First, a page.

Don't miss it.
For the rest of us, this traditional, all-in-German production—nicely directed, richly cast with top-flight comic actor-singers, beautifully played and sung by the Lyric Opera orchestra and chorus, and dropped into an enchanting if Disney-ish world of cartoon sets and frilly costumes—is a bit like a watching a silent film. It isn't opera—there's a bunch of possibly snappy spoken dialogue. And while the talking's going on, 3,500 pairs of eyes are on the supertitles.
As the excellent program essay by Eric Myers points out, Fledermaus was daringly modern when it was first produced, and has attracted a lot of updating and other tinkering since. I'd like to have seen Max Reinhardt's 1929 Berlin version, for example, which starred notable nonsinger Cary Grant when it moved to New York. Or the one that was choreographed by George Balanchine on Broadway in 1942.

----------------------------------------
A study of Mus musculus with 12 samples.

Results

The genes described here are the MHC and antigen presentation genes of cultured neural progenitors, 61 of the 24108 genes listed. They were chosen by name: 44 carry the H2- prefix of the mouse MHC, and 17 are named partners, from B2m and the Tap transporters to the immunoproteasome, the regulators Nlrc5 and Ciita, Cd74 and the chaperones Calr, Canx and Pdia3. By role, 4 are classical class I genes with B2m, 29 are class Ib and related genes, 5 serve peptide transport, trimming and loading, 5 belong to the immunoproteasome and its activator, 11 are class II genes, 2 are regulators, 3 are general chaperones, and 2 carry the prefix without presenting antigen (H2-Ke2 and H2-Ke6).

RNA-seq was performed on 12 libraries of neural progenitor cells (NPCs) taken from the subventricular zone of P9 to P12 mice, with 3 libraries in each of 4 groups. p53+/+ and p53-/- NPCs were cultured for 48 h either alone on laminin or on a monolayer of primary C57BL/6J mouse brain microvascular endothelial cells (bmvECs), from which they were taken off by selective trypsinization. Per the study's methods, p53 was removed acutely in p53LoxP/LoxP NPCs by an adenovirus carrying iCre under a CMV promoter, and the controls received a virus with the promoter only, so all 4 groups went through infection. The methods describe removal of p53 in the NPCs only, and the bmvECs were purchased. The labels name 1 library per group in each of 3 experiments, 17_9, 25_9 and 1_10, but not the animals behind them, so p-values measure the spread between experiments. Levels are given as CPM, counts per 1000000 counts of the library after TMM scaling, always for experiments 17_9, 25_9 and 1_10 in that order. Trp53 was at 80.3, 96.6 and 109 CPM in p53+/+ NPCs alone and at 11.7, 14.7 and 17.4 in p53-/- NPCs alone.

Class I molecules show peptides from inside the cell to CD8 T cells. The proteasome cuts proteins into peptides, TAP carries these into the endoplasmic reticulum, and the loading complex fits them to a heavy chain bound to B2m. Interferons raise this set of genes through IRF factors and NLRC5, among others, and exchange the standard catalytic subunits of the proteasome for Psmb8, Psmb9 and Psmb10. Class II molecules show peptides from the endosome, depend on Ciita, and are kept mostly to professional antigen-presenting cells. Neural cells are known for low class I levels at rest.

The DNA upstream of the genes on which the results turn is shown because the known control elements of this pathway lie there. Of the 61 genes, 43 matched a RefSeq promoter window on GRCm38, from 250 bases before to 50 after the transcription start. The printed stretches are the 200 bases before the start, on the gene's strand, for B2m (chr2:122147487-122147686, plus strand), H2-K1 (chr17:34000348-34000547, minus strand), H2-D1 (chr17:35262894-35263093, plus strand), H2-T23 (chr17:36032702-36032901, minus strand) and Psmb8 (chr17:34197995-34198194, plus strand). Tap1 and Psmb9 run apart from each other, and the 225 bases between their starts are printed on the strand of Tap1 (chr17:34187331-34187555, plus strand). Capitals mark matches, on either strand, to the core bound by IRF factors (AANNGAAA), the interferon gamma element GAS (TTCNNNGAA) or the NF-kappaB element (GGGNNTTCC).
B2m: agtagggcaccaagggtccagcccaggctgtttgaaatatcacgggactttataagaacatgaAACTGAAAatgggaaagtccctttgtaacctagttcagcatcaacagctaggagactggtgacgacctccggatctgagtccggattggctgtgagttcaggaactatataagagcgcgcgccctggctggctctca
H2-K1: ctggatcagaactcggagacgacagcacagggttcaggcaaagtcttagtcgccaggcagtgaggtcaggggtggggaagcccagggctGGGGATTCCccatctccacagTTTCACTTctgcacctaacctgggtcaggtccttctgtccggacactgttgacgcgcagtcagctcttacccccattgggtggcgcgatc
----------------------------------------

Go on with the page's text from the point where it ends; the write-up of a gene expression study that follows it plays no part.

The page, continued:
Since the euphoric Strauss score can pretty much be counted on to carry the whole frothy, errant-husband concoction (drunk jokes and all), playing it in the language the audience speaks seems like a minimal risk. New York's Metropolitan Opera will open a new all-English production, with dialogue by playwright Douglas Carter Beane and lyrics by Jeremy Sans, on New Year's Eve; Susanna Phillips, an alumna of Lyric's Ryan Opera Training Center, will play Rosalinde.
Maybe next time, Lyric?
Lyric's Die Fledermaus continues this week with shows at 7:30 PM Wed 12/18 and Sat 12/21; a second run begins January 10; 312-332-2244, lyricopera.org.